Saturday 28 July 2012

FOE and Fever Fever at Hoxton Bar and Grill - 26 July 2012

FOE pic by Neil at Wildblanket

Fever Fever are delightfully grumpy.

The weather is too hot for them, and they are suspicious of the Olympics. These tribulations lead to much semi-comic muttering and swearing.

This is all par for the course with the Norwich three piece, who cultivate an air of exasperation and use the resulting energy to power their increasingly brutal and ferocious sound.

Rosie and Ellie rattle their way through songs that crunch and crackle with frustration. It’s recognisably rock but the vocal delivery is much closer to rap, a steady stream of words that form their own percussion.

There are no frills with Fever Fever. Everything is cut back to muscle and sinew and there is no room for light and shade. Their songs are shouty, straight forward and refreshingly honest.  They really don’t put a foot wrong.

There had been some confusion tonight as to whether there were going to be two bands or three on the bill. Various names are printed and advertised, but in the event the gap between the triumphant Fever Fever and the headliners is filled by an incredibly tedious DJ, who appears totally oblivious to the fact that there is no movement from the crowd whatsoever.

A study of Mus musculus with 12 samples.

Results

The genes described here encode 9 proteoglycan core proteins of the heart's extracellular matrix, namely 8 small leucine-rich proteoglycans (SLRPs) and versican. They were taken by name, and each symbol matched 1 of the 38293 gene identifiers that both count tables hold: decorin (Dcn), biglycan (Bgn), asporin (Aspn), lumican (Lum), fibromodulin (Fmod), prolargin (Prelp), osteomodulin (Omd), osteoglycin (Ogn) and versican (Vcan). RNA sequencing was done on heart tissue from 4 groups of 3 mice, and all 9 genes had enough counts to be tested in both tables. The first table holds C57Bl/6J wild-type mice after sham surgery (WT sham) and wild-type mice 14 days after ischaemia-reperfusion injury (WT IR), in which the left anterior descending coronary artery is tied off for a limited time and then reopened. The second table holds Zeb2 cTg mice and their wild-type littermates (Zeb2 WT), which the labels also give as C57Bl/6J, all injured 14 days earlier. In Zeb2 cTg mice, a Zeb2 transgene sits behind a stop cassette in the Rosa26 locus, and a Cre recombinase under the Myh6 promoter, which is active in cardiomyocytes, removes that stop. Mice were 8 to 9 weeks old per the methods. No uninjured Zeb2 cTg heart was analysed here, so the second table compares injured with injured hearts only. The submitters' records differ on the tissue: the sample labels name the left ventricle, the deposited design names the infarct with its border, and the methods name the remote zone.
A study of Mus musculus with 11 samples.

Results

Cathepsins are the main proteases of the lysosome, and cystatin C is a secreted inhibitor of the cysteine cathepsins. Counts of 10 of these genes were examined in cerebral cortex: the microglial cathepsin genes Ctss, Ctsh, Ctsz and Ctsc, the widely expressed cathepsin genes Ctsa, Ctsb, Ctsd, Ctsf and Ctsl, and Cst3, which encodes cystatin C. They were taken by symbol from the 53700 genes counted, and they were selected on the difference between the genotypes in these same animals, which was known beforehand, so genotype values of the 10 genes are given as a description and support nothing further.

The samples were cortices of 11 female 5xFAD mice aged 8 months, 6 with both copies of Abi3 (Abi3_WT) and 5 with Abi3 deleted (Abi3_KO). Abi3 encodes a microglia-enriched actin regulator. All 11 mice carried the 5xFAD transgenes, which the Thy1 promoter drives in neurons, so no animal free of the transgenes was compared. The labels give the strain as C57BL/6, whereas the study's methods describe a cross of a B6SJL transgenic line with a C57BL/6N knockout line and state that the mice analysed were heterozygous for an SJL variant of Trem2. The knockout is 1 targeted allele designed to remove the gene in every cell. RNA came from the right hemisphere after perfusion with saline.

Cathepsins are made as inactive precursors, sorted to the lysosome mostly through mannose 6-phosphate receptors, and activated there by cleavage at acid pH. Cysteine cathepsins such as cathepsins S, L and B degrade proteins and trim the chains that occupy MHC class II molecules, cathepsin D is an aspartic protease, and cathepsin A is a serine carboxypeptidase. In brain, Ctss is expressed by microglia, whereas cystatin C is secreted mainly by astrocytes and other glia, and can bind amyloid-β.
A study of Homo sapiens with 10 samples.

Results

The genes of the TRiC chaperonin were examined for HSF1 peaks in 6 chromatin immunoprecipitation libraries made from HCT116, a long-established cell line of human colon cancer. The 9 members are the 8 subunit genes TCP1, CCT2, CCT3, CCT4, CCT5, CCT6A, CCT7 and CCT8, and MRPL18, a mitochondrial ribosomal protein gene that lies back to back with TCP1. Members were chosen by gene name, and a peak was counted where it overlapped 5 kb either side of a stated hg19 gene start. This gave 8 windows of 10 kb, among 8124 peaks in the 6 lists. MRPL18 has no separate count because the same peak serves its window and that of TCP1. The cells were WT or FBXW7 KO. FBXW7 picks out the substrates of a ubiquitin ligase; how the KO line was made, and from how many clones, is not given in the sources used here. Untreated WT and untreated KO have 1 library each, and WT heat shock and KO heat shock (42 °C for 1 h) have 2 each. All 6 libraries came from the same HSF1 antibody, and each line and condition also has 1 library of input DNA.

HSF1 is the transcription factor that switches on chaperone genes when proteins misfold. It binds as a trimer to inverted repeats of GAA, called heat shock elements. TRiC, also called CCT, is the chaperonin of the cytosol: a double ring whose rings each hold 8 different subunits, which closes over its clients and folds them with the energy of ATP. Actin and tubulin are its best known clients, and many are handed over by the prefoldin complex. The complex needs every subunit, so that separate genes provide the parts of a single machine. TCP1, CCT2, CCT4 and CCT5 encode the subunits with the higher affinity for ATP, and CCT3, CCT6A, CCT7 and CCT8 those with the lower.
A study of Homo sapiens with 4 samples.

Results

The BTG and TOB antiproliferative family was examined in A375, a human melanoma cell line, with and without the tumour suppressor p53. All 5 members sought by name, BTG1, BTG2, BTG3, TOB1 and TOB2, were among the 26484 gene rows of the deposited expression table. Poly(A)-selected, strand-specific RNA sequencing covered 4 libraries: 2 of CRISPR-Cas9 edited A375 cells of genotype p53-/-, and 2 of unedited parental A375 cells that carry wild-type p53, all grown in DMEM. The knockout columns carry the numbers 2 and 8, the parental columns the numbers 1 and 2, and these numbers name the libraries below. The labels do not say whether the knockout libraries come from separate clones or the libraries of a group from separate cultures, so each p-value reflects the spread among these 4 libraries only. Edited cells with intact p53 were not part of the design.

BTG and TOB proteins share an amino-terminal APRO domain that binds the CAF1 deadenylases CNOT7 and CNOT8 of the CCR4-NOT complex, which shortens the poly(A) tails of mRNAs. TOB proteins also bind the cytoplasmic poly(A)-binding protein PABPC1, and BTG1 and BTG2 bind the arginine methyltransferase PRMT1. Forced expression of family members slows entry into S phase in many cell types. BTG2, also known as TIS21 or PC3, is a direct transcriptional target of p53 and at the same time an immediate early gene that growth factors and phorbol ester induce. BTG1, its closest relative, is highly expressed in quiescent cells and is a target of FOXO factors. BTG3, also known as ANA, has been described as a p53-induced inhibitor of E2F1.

This is the third time this year that I’ve seen FOE aka Hannah Clark and her band, and for the third straight time I am confounded.

The first time I saw them they were game but a bit flat, the second time they were a thundering behemoth of rock noise and tonight…well they’re kind of all points in-between.

Clark is sporting a black cowboy jacket and shakes her tassels as she hangs off her microphone or swings her guitar. Her band take their queues from her and there is much whirling of instruments.

And yet, something doesn’t quite sit right. Clark is a fascinating performer in that she is constantly revisiting, rearranging and revising her songs. Just because a song sounded a certain way even a few months ago, does not mean that it will not be altered as her mood takes her. Sometimes this experimentation works, sometimes it does not.

Tonight the results are mixed.  It may just be that I was so impressed with the full on ‘rock’ FOE that I saw last time around that I don’t appreciate the more reigned versions of ‘A Handsome Stranger Called Death’ or ‘Genie In A Coke Can’.

It’s a perfectly enjoyable show, but my high expectations have left me rather disappointed, which is not Clark’s fault. The key point is that FOE are always changing, always interesting, always different. And that’s enough to keep me coming back.